Lessons I learned this Holiday Season

This season certainly did not pass without a few lessons learned.

1.  I am a terrible cookie decorator.  It could be that I don’t have a steady hand – hence the crime scene outline instead of a gingerbread man.

Not to mention by the time I’ve made the cookie dough, rolled it out, cut shapes and baked it, I’m tired.  Who wants to decorate?  If only the frosting/sugar cookie combo wasn’t so delicious.

2.  This is not new, but I was reminded that I think big, some might even say I overcommit.  This of course is not bad, but I usually underestimate  what it takes to execute.  Instead of spending $150 on a Barbie house that I would one day end up selling for$5, I though I would make one out of white cardboard boxes.  My imagination is much more awesome than reality.  I mean it’s not all bad once you add twinkling lights, some furniture and close one eye.  Right?

3.  Time flies.  Just when you thought you were ahead of the game, it’s one week before Christmas and the Barbie house you started is not even a third of the way done.  Don’t be fooled you are never ahead of the game during the Holiday Season.  Even when you are ahead, something always comes up.  Or in my case, you just think you are ahead.

4.  Whatever I try to accomplish that I don’t want my child to be privy to means that I will get zero sleep during the month of December.  The child that in November was falling asleep around 8 would not fall asleep until at least 9:30.  Everything has to come out of hiding which means you have begun building a Barbie house or wrapping presents at 10:00.  Zero sleep.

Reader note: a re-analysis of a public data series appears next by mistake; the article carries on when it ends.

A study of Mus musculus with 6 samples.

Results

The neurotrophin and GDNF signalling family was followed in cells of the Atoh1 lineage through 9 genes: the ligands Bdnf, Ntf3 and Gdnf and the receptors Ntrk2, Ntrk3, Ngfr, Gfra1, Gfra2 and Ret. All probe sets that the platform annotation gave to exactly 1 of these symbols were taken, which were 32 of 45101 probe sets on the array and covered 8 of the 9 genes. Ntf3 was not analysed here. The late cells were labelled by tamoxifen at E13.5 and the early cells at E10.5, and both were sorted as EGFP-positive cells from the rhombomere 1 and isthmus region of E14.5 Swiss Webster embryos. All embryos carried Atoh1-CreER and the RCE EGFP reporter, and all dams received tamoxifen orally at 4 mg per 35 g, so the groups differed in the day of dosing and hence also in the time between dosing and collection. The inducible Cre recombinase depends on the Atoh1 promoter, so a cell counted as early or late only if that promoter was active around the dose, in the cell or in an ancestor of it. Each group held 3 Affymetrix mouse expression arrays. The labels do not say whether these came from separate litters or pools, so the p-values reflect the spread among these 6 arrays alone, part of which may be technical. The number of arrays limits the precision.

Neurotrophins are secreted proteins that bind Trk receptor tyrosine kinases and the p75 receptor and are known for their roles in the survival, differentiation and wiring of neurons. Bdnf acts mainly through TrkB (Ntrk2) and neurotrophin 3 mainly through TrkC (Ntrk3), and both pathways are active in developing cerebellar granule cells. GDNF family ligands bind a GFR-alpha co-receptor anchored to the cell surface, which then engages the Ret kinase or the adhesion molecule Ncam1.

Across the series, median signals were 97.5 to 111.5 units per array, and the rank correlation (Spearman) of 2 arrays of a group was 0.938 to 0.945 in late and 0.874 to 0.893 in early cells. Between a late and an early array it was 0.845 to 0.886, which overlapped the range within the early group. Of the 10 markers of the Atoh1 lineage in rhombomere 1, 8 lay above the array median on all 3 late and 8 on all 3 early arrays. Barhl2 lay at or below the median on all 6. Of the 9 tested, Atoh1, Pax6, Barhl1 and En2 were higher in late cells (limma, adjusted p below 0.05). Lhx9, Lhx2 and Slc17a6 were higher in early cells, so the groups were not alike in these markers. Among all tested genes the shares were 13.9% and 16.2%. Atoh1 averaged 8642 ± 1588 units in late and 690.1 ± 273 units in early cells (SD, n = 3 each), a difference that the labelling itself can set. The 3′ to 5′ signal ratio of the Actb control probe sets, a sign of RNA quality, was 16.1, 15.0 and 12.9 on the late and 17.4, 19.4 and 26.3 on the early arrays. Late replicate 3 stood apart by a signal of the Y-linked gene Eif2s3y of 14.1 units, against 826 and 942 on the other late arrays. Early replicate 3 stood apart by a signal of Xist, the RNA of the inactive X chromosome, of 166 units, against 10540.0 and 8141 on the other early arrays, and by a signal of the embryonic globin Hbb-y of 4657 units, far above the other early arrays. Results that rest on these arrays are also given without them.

5.  The Holiday Season is a much magic as it is about a miracle.  It’s fun and merry but also hopeful and mysterious.

6.  If you want to surprise your husband with a Christmas gift don’t use the Amazon account you share.  It was Amazon Prime people.  What was I supposed to do?  Pass up the two-day shipping?

7.  The Holiday season inspires all sorts of madness.  I mean what sane person decides to bake 3 different types of cookies on Christmas Eve?  And if that weren’t enough, what sane person then decides to go to Wal-Mart to get ingredients for said cookies.  Madness.  Holiday cookie madness.

8.  Kids will survive on a couple of gifts instead of many.  It’s not that my child didn’t want a hundred gifts.  Every single toy in the Target and Wal-Mart circular was highlighted and circled.  Twice.  Parenting is a funny thing.  You want to buy your kid the world, to not go without, but then you have brief glimpses of what life will be like with a child who never went without and it’s not pretty.  But guilt steps in.  You are depriving your child of those fabulous plastic toys  he/she has always wanted.  Then fear joins in.  What if they never forgive you just like you see in all the movies?  Scarred for life, destined for a life of drugs and dead-end jobs or worse living in their old room at the age of 36 with no future in sight?  Insert silent scream.  Just when you pull out your credit card to buy everything in the store, sanity hits you.  It’s ok to not have it all.  To go without that nth toy, because the reality is you are lucky.  My child will probably be ok with just one gift instead of 10.  Or I just need to be ok with it.  And maybe just maybe, instead, it would be better to share our good fortune with others instead of keeping it to myself.


One thought on “Lessons I learned this Holiday Season

  1. Such fun reading! I heard about a great deal for buying kids Christmas presents today: have them make a list of everything they want…….buy it for them for Christmas and then have them pick 3 things……everything else goes to other children who don’t have a family Christmas……I can hear Lola now!!